Technician working in biomarker research
Once a week I travel up to college with my friends from work to study for my Degree. Vicky
So, what do you do?
I am involved in the early stages of drug development, prior to testing of a treatment in humans. Certain departments focus on specific therapeutic areas (Pain, Urology, Allergies and respiratory conditions, etc). At the moment I am working on biomarker research for projects within these departments, with the aim of increasing our understanding of how and when a drug is working in various models. This means I work on a number of therapeutic targets across early development, and I enjoy that variety.
What does your typical day involve?
Most of my day is lab based. My supervisor will discuss and prioritise project work with me for a week, and then I decide which days I will run them on. In the past four years I have carried out a range of techniques, including cell culture, immunoassays and molecular biology techniques, such as PCR, cloning, and transfection. After an experiment I analyse my data, and based upon that decide what other experiments need to be done. Once a week I travel up to college with my friends from work to study for my Degree.
Do you work mostly on your own or as part of team?
I work in a lab with several other people. As I use compounds generated by chemists, or samples from other biologists I have had contact with people in various departments for every project I have worked on.
What is it like socially where you work?
There is a good social atmosphere- I have friends and contacts in lots of different departments.
What qualifications and experience do you have?
I started work with 9 GCSEs, an AS-level in Maths, and A-Levels including Biology, Chemistry, and Physics. I have already completed my Higher National Certificate, and am about to enter the final year of my Biology degree.
Do you think additional qualifications or experience would be an advantage for someone entering the industry now?
In my opinion, although it is important to have the right qualifications, I would really say experience makes all the difference. I would strongly recommend that people do sandwich placements, or summer jobs wherever there is the opportunity, as it looks good on a CV.
How has your career developed since you entered the industry?
Our career path is fairly set through the degree course that is run, so we have been promoted regularly as we study, with salary increases over the years. As the emphasis of my job is lab based work I have leant a range of techniques. I originally started work in a group which focussed on high throughput screening assays, but am now working in a biomarker research department.
Why did you decide on a career in the pharmaceutical industry?
I always enjoyed science at school and was aiming for a job in science around the time of my GCSEs.
I heard about the part-time degree scheme when I was studying for my AS-levels. It came at a time when I was really trying to consider what to do long-term, as I really felt I didn’t want to necessarily go to university. All the careers information I was given at school was basically if I wanted a job in science I had to go and get a full-time degree. Aside from the issue of financing studies (which I felt was a major one), I knew I really enjoyed the practical side - actually running the experiments. In the university open days and interviews I attended I felt that an apprenticeship would be a much better option for me.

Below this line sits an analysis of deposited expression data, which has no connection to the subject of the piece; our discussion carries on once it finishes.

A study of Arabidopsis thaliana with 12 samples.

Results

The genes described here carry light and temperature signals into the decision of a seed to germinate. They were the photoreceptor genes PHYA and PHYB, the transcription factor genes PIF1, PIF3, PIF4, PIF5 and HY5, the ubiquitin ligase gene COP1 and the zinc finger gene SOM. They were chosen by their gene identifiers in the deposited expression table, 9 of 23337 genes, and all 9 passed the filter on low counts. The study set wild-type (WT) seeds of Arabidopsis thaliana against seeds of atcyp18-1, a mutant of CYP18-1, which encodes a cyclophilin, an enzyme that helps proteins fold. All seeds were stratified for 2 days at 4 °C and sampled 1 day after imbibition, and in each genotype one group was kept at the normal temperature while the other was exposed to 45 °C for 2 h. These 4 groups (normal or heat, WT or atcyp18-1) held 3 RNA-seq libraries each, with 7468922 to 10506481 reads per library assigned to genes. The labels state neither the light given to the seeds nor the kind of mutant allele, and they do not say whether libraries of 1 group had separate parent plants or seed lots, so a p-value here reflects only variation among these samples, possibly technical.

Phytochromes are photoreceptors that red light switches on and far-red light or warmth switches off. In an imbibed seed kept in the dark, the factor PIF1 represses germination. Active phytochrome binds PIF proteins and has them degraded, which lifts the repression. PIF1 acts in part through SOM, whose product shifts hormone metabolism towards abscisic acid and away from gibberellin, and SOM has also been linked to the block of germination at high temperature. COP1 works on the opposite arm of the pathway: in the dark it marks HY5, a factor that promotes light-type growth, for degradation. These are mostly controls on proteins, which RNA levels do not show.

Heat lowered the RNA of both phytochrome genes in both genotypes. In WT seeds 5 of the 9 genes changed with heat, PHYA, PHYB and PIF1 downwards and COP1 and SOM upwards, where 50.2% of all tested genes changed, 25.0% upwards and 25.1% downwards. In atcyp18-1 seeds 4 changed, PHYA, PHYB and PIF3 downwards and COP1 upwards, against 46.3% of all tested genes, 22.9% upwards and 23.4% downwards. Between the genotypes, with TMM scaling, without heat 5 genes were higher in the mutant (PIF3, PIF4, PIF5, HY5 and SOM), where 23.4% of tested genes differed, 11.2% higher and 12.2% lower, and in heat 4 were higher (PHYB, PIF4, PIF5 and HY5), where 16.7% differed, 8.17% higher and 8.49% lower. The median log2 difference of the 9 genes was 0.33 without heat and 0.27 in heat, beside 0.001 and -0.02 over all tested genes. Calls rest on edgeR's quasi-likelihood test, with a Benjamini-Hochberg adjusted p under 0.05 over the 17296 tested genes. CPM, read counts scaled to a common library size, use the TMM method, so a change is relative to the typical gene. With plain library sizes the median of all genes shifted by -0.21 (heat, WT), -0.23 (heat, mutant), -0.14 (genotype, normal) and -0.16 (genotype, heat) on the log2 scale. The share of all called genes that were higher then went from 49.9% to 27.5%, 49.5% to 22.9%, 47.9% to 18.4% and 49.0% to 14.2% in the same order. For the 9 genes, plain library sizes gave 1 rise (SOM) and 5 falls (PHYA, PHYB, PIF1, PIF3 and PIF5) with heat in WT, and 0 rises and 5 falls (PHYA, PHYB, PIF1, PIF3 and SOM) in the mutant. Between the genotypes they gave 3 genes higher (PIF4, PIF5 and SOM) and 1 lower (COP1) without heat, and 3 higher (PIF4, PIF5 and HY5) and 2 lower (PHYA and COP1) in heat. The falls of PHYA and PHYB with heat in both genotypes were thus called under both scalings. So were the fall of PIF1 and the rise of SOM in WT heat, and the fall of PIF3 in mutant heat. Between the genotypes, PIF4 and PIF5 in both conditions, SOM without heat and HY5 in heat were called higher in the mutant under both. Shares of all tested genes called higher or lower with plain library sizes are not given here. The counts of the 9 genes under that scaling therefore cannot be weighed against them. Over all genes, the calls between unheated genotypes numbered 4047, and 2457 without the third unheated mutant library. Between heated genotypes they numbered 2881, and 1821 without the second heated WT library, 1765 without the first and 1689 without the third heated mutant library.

What possibilities are there for your career in the future?
I finish my degree in a year. I have no solid plans yet, I will either stay in my position and develop within the company, or further my studies - I’m considering a PhD.
What are you most proud of in your career?
Last year I took part in an event called Biology Project Week. I supervised two AS-levels students in mini project, where they ran experiments, attended lectures and discussions, and had to review and present their data to an audience at then end of the week. This was meaningful for me, as I had taken part when I was at school 4 years beforehand, and it was really influential in my career decision. It was quite a buzz seeing the progress they made in a few days, and was brilliant that it gave some of the students more confidence in their career plans as a result.
What do you think are the most important skills for someone in your role to have?
Its really important to be able to ask questions, and to have the courage to say if you don’t understand something – there are so many people with expertise in a diverse range of areas here. It’s a great environment to be able to learn from colleagues. which is really useful as a trainee if you ever need advice or help with something. I find that most projects throw up unexpected data and need you to troubleshoot. The more people you can chat to about it, the more ideas you get to help you solve the scientific question.
What one piece of advice would you give to someone seeking a career in the pharmaceutical industry?
Its really worthwhile to get some sort of practical experience wherever possible. Summer jobs or sandwich placements not only look good on for job applications, but are a really important way to make sure you actually want a career in pharmaceutical research.